Had it worked out any differently, Bill Belichick would live with it until the end of his days.
"The wind, it was a strong wind," Belichick said after his team's 34-31 win. "We just had to keep them out of the end zone, obviously. I just felt like the wind would be an advantage if we could keep them out of the end zone on that first drive. We were able to do that. The wind was significant in the game, it was definitely significant."
Belichick's strategy appeared doomed out of the gate as Manning twice fed the ball to Knowshon Moreno, who barreled for runs of eight and 18 yards to the New England 46-yard line.
"I felt like there was about a 20-yard difference in field position to just attempt a field goal," Belichick said Monday, per The Boston Globe.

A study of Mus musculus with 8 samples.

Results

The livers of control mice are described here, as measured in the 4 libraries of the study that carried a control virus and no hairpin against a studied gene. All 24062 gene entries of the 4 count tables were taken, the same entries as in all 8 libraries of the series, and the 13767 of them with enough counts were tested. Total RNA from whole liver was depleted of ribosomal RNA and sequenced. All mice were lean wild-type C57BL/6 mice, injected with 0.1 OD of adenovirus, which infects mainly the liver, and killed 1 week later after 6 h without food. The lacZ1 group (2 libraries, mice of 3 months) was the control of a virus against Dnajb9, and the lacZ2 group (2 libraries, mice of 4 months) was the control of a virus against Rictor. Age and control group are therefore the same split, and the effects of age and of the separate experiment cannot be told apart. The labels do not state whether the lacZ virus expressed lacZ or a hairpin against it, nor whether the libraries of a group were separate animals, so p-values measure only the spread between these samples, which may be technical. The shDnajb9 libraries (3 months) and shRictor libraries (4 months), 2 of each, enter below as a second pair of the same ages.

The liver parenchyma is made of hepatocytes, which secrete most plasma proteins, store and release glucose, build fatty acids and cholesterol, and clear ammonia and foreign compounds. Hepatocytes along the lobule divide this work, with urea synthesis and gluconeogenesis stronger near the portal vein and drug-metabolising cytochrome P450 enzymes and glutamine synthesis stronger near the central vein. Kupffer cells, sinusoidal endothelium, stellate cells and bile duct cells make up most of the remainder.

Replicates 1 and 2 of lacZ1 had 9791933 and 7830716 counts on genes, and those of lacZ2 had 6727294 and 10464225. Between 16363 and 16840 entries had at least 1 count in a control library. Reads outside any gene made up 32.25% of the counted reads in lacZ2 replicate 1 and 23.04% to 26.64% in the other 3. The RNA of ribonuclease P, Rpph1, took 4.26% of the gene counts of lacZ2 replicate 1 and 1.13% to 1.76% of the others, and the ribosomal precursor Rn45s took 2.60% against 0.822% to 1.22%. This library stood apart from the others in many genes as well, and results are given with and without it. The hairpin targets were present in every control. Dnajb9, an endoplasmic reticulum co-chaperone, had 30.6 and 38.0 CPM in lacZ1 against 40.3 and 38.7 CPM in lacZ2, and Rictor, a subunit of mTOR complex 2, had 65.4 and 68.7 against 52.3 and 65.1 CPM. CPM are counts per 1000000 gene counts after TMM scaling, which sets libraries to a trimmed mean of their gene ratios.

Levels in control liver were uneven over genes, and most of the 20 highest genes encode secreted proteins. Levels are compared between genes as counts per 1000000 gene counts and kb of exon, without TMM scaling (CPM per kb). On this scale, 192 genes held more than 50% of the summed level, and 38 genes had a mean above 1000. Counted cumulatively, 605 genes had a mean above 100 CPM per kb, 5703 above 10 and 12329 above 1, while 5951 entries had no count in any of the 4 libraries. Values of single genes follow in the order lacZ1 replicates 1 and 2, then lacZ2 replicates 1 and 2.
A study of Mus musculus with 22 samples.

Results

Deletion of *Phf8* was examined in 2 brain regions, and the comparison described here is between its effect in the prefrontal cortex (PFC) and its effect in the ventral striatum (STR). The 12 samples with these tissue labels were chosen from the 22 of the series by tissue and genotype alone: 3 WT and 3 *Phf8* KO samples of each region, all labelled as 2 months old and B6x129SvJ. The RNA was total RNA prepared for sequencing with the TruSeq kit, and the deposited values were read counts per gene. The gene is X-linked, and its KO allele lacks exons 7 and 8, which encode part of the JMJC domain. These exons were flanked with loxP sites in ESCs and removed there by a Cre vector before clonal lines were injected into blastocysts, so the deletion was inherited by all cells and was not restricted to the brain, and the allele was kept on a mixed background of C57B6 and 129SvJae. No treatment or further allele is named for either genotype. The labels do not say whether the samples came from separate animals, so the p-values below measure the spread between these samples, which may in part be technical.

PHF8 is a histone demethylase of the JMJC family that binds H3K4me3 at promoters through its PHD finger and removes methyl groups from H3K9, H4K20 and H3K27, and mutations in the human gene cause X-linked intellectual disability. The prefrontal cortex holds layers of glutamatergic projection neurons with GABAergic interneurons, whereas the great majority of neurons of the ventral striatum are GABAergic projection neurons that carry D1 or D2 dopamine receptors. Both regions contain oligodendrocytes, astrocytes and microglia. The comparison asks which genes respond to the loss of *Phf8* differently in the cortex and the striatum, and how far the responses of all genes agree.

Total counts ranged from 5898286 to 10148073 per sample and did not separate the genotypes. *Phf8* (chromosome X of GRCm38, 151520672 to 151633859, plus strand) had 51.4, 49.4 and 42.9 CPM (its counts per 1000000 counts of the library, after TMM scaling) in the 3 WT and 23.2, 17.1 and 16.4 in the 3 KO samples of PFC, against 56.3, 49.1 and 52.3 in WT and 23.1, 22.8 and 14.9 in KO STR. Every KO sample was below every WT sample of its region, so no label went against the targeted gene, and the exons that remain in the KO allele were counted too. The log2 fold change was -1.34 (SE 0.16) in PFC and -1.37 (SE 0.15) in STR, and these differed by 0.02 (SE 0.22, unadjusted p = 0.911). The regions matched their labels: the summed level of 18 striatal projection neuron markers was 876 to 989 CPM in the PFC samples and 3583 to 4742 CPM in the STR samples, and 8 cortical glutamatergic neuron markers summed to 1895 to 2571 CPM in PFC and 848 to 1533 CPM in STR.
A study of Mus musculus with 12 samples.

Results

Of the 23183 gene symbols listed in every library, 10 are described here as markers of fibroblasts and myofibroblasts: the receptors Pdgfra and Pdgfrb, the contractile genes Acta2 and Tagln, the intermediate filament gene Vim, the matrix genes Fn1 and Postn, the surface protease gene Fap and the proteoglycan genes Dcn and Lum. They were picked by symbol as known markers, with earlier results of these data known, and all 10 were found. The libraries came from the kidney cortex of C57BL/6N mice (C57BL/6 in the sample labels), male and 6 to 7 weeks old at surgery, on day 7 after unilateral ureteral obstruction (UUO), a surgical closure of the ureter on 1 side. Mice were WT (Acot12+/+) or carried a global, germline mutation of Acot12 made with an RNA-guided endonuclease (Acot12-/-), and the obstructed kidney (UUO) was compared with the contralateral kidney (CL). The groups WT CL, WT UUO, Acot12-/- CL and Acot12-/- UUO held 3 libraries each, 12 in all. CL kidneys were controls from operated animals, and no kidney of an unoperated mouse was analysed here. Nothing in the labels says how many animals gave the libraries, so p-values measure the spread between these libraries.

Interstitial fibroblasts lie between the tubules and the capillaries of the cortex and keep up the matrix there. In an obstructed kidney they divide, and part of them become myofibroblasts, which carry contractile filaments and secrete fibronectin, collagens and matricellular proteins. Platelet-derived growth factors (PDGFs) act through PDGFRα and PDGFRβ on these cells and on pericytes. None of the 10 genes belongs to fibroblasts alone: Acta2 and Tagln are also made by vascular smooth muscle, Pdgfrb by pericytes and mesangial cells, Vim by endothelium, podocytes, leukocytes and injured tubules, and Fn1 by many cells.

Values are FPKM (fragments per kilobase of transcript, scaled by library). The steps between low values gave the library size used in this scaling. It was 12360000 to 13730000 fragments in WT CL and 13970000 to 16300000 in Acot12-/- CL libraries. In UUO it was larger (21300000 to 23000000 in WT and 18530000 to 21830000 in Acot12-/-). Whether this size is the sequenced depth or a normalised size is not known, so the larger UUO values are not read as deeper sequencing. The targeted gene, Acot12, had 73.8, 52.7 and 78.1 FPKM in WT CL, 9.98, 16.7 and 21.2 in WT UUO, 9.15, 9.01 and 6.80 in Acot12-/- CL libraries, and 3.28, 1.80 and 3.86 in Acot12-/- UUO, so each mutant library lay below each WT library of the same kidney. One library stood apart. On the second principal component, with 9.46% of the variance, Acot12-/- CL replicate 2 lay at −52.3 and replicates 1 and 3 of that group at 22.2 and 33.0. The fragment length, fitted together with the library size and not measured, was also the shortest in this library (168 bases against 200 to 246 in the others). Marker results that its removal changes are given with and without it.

Belichick acknowledged he held a long conversation with his captains, helping them to understand why New England would hand the ball to Manning.
"To tell you the truth, the whole situation was a little bit confusing because, when I told the captains (to take the wind), there was a little bit of a question of, are you talking about deferring," Belichick said. "I was like, 'No, we're not deferring, we're taking the wind, period.' 'Well, is that if they take the ball?' 'No, it's not if they take the ball.'
"We actually, with the captains, had a little bit of a conversation that they had right what I wanted to do," Belichick said, "because it was a little bit of an, obviously, unusual type of situation."
Belichick would have caught major heat had Manning rolled Denver down the field for a game-winning touchdown, but history suggests the coach did his homework.
NFL Media research notes that, in the 33 overtime games played under the new rules, just five have ended on the first possession with a touchdown.